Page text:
What is the value of a college degree?
The four-year college experience is as American as apple pie. So is the belief that higher education offers a ticket to a better life. But with student-loan debt surpassing the $1 trillion mark and unemployment of college graduates at historic highs, people are beginning to question that value.
In College (Un)Bound, Jeffrey J. Selingo, editor at large of the Chronicle of Higher Education, argues that America’s higher education system is broken. The great credentials race has turned universities into big businesses and fostered an environment where middle-tier colleges can command elite university-level tuitions while concealing staggeringly low graduation rates and churning out students with few of the skills needed for a rapidly evolving job market.
Selingo not only turns a critical eye on the current state of higher education but also predicts how technology will transform it for the better. Free massive online open courses (MOOCs) and hybrid classes, adaptive learning software, and the unbundling of traditional degree credits will increase access to high-quality education regardless of budget or location and tailor lesson plans to individual needs. One thing is certain: the class of 2020 will have a radically different college experience than their parents had.
Incisive, urgent, and controversial, College (Un)bound is a must-listen for prospective students, parents, and anyone concerned with the future of American higher education.
- R. Pontiflet
Interesting but Contradictory and repititive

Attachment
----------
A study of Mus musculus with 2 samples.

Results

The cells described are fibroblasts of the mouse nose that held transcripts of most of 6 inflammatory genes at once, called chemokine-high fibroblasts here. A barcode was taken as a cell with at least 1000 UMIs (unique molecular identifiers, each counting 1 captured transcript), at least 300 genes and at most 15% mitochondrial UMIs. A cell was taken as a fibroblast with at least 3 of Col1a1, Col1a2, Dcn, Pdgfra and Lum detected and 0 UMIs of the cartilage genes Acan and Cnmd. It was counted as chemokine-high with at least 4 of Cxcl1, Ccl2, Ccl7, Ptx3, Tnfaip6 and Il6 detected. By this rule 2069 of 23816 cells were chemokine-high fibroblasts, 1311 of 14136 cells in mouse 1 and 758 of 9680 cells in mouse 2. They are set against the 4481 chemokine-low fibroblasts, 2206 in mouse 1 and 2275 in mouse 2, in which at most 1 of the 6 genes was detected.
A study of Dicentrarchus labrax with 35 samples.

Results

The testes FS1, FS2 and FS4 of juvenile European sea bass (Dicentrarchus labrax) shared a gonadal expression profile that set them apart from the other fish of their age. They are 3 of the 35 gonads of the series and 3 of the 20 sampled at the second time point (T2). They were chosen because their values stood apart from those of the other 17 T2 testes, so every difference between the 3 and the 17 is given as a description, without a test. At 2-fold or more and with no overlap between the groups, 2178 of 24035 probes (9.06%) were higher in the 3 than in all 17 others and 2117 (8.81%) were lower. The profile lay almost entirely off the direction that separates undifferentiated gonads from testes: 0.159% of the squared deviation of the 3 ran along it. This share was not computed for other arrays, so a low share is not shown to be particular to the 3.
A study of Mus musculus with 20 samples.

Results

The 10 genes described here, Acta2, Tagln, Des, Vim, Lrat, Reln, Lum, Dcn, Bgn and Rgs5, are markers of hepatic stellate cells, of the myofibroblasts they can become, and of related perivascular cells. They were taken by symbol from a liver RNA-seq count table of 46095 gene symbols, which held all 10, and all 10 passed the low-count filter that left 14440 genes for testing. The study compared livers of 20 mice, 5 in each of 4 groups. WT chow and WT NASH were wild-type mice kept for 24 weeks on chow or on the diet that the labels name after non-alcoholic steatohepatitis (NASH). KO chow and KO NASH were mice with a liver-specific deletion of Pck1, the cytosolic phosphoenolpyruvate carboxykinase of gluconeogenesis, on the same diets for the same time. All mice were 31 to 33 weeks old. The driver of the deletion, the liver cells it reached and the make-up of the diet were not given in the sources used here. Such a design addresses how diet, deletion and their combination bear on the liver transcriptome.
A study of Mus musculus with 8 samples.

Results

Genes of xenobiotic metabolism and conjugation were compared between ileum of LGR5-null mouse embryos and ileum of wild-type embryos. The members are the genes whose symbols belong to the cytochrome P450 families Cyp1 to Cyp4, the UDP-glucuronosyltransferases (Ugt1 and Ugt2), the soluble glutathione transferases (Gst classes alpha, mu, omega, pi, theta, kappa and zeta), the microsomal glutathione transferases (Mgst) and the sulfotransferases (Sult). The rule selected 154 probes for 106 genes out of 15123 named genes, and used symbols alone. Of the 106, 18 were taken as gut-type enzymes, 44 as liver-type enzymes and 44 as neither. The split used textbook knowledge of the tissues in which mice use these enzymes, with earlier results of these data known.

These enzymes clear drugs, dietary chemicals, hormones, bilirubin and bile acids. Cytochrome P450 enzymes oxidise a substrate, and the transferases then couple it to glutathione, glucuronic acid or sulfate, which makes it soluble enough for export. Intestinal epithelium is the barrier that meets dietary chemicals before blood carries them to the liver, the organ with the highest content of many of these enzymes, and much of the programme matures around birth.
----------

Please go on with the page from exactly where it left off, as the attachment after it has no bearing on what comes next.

As a father of a soon-to-be high school senior about to embark on the whole college application and admissions quagmire, this book was of acute interest to me. There's definitely information I found helpful and enlightening such why the differences in out-of-state tuition and in-state tuition. Never really understood why the big disparity. But there were moments during the listen that I wondering if I had accidentally hit a rewind button or something on my phone as the exact same information was being read. This happened several times, even the sentence structure was the same or very similar.
I also take issue with early on in the book, the author talks about how families and students take on debt to attend the college of their choice when they would have been better served choosing the community college route and transfer after two years. Also if you aren't attending a very top school for your chosen major, that it not worth taking on debt to attend an expensive school that ranked second tier in that field. Then later in the book, he states that students should bypass their state school package even if it completely covers the costs of attending to go to an out-of-state school that's strong in your major. But earlier he talks about degree creep, where a Master's is the new Bachelor and your major isn't that important anyway, it's about critical thinking skill development. Not to mention the time spent discussing the emerging and cheaper online options and making them sound like a great alternative, only to later talk about the on-campus experience and development from adolescence into adulthood and the value of studying abroad.
So what are you saying....Confusing!?!?!
As another reviewer wrote, I found myself wanting to research more after finishing this book. It covers soo many topics within the subject but in presenting all these pieces I found myself getting frustrated with soo many contradictions.